There is no question about it – the holidays are a great time of the year. They can, however, present challenges for employers.
Here are a number of things all employers need to know.
- Holiday Parties: While always fun – these events can be fraught with peril – particularly if you’re planning to serve alcohol. It is generally best to publicize your company’s policies with regard to these types of events before they happen. Make it clear that employees should not drink to excess and encourage your staff to select designated drivers if they plan on drinking. You might even want to consider having drivers available in the event an employee over-consumes and has no safe way to return home.
It’s also a good idea to make sure your employees understand that company policies regarding harassment and discrimination remain in effect at all company functions – without exception.
Important to remember…
Connecticut is one of those states that provide for liability should a host negligently serve alcoholic beverages to a person legally permitted to drink those beverages. Remember, if it is determined that the social host provided alcoholic beverages to a visibly intoxicated person and that person sustains bodily injury or injury to real or personal property as a result of the alcoholic beverages served by a social host – the person who was served the alcohol has a cause of action against the host. This includes an injury occurring in an accident caused by the dangerous operation of a vehicle by the intoxicated person. Connecticut also prohibits serving alcoholic beverages to any person underage. Given this fact, all employers should be sure to check that only employees who are 21 years of age or older are served alcohol.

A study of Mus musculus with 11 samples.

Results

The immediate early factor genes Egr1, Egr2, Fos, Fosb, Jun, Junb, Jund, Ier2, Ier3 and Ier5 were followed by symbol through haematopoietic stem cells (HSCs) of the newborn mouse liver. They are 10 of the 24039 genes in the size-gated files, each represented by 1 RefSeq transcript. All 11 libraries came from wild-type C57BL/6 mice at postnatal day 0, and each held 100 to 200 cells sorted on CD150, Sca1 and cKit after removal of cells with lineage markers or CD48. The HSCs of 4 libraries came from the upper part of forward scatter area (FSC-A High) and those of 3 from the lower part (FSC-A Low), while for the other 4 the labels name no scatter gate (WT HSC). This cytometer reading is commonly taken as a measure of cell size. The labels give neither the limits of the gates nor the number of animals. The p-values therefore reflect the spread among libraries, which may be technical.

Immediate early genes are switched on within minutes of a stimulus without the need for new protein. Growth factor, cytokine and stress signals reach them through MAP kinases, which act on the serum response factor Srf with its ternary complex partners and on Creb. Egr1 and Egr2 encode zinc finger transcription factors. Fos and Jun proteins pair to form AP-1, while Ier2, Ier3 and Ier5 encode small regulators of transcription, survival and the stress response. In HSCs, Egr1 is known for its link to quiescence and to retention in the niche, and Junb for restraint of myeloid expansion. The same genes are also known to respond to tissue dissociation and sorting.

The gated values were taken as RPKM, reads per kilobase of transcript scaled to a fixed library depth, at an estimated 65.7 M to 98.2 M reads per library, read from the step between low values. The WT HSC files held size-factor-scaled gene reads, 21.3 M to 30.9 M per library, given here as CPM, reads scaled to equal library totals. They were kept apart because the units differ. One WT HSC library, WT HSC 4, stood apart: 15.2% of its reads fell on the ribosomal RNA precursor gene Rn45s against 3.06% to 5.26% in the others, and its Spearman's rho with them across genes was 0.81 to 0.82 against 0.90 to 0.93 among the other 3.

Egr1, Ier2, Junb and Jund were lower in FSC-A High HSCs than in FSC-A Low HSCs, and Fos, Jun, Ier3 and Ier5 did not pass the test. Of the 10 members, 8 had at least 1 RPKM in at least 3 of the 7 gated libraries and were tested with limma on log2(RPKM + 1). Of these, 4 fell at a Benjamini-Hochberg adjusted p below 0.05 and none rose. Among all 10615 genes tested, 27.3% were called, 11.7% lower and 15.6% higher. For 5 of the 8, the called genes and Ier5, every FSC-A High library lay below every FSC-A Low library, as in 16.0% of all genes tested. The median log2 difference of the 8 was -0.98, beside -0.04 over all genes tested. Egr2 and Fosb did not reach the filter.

Finally – if you are going to serve alcoholic beverages at your holiday party – hire a professional bartender to pour, and make it explicitly known to all bartenders that they are not to pour a drink for anyone who is or appears to be inebriated.
- Time off: The U.S. Equal Employment Opportunity Commission (EEOC) takes the position that Title VII of the Civil Rights Act of 1964 not only prohibits discrimination on the basis of religion, ethnicity and national origin, but also requires that employers reasonably accommodate their employees’ religious practices. This includes time off for religious observances. In these cases, unless an employer can demonstrate that this accommodation would result in undue hardship on the conduct of its business – a reasonable period of time off should be permitted. An employer generally must assert undue hardship for the business in order to legally deny these requests.
If you have questions about these matters – or are facing a challenge to a decision you have made regarding time off, holiday parties or some other matter, call us. The attorneys at Kainen, Escalera & McHale each have over 20 years of experience in all aspects of employment law and the rights of employers. Please contact us if we can help you.